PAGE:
Object-oriented calorie counter

methods for both genders.

Principles to adhere to:

  • Uniform Access Principle
  • Polymorphism
  • Dependency inversion principle through the Factory Method pattern
  • Single responsibility principle

Concerns for future extension:

  • BPM curve for exercise acts of longer duration, can this be transparently added?

Other concerns:

  • Unit prefixes for names, e.g. weight_kg, exercise_duration_min. Are these bad?
  • Overengineered? Yes, I’m not going to argue against that; we don’t have more than one method in our classes which eliminates the need to have them at all. Assuming we had more than one method, however, is it still overdone?
  • Are any of the principles I claimed to follow not followed or properly followed? Especially thinking of the Factory Method pattern.

By the way, the formula for calculating calories burned doesn’t seem to be right, but that doesn’t really matter for our purposes.

# oo-calorie_counter.py
from abc import ABC, abstractmethod

def main():
    """Setup and initialization.
    person_attributes = get_person_attributes()
    person = PersonFactory.make_person(person_attributes)

    print("You've burnt approximately {0} calories".format(round(person.calories_burned, 1)))

def get_person_attributes():
    """Prompts a user for their details
    person_attributes = {
        'gender': input('Your gender: '),
        'weight_kg': int(input('Your weight in Kg: ')),
        'age': int(input('Your age: ')),
        'bpm': int(input('Your heart rate: ')),
        'exercise_duration_min': int(input('Your your exercise duration in minutes: '))

    return person_attributes

class PersonFactory:
    def make_person(person_attributes):
        Instantiate the proper a person of proper gender based on the provided attributes.
            person_attributes: A dictionary containing the keys:
            ('gender', 'age, 'weight_kg', exercise_duration_min, bpm)

        gender = person_attributes['gender']
        del person_attributes['gender']

        if gender.lower() == 'male':
            return Male(**person_attributes)
        elif gender.lower() == 'female':
            return Female(**person_attributes)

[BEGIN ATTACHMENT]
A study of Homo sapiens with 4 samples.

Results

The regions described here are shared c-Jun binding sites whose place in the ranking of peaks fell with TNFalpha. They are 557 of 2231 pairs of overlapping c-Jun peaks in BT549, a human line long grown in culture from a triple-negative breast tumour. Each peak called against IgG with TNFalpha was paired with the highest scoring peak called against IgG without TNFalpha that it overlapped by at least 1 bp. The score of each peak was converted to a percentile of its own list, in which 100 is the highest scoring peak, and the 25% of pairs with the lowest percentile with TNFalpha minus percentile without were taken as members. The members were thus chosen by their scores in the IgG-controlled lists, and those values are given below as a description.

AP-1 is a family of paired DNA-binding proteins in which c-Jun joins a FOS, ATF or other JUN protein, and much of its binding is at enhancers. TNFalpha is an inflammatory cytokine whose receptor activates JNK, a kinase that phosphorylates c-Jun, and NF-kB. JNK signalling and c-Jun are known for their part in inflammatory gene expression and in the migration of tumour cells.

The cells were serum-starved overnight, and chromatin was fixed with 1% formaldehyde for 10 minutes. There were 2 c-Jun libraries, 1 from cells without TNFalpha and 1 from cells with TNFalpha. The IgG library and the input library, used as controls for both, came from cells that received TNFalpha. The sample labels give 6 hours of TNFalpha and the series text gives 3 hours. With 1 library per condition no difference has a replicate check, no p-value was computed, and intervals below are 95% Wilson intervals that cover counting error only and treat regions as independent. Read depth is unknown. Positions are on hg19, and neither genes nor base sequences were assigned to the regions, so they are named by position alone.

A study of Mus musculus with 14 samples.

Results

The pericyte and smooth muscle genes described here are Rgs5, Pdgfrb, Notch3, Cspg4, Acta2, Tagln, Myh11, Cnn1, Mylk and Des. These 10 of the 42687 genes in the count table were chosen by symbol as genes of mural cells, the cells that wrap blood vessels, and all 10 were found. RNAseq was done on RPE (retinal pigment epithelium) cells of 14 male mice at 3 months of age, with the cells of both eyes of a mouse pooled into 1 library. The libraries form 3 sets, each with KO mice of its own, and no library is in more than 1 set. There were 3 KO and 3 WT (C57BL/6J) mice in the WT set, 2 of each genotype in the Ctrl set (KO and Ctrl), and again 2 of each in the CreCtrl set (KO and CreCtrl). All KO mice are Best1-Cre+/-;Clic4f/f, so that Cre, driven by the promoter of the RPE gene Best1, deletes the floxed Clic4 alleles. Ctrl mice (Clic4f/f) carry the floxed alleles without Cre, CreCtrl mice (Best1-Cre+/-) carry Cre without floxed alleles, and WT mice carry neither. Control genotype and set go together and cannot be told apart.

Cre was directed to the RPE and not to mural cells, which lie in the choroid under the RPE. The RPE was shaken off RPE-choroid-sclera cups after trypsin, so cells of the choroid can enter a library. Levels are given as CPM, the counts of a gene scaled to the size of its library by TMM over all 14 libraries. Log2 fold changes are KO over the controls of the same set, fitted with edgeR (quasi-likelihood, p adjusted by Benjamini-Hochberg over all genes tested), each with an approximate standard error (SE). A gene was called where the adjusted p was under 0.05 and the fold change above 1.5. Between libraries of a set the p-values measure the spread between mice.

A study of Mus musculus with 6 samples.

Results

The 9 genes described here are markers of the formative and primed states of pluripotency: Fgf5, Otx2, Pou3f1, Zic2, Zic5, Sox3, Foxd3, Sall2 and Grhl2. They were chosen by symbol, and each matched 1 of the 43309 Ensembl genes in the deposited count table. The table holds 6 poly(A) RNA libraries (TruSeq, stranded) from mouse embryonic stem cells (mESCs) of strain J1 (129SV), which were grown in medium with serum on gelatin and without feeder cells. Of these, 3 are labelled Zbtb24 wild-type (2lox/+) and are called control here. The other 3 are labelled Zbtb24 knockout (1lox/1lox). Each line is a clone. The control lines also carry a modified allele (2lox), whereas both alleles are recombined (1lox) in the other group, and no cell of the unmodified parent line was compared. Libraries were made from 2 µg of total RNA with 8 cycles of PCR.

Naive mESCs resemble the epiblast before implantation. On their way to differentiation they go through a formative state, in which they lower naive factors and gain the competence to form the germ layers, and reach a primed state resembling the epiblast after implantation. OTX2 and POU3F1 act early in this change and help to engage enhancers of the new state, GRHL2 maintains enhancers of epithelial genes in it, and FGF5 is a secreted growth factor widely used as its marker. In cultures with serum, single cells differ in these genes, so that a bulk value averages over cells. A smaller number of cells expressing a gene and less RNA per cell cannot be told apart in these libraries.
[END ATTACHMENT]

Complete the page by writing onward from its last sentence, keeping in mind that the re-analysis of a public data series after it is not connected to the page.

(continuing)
raise RuntimeError('Unknown gender')

class Person(ABC):
    def __init__(self, weight_kg, bpm, age, exercise_duration_min):
        self.weight_kg = weight_kg
        self.age = age
        self.bpm = bpm
        self.exercise_duration_min = exercise_duration_min

    def calories_burned(self):
        raise NotImplementedError

class Male(Person):
    def calories_burned(self):
        return ((self.age * 0.2017) - (self.weight_kg * 0.09036) + (self.bpm * 0.6309) - 55.0969) * self.exercise_duration_min / 4.184

class Female(Person):
    def calories_burned(self):
        return ((self.age * 0.074) - (self.weight_kg * 0.05741) + (self.bpm * 0.4472) - 20.4022) * self.exercise_duration_min / 4.184

if __name__ == '__main__':


I like your code. It is easy to understand and pretty straight-forward.

Regarding your question of the measuring units: yes, every variable should have them since you are not operating exclusively on SI units. You have calories (instead of joule) and years and minutes (instead of seconds).

I would just change some of the smaller details, from top to bottom:

  • The doc comment for main is wrong. That function not only initializes the program, it is the whole program, including computation and output.

  • Rename get_person_attributes to read_person_attributes or input_person_attributes. Functions called get_* usually don’t have side-effects and are usually not complicated.

  • The gender prompt could be more specific: 'Your gender (male, female): '

  • The official spelling for kilogram is kg, not Kg. Although kilo is a large multiplier, it is the only one with a lowercase letter.

  • The prompt for the heart rate could include in bpm.

  • The Your your is a typo.

  • In make_person, the proper a person of proper gender sounds wrong (though I’m not a native English speaker).

  • You compute gender.lower() twice, which is unnecessary.

  • Do you prefer burned or burnt? Choose one and use it everywhere.

Having each of the complicated formulas in a single line is very good. One might be attempted to split it into several small formulae or extract the factors to a separate class CaloriesCalculatorFactors, but that would make the code harder to understand.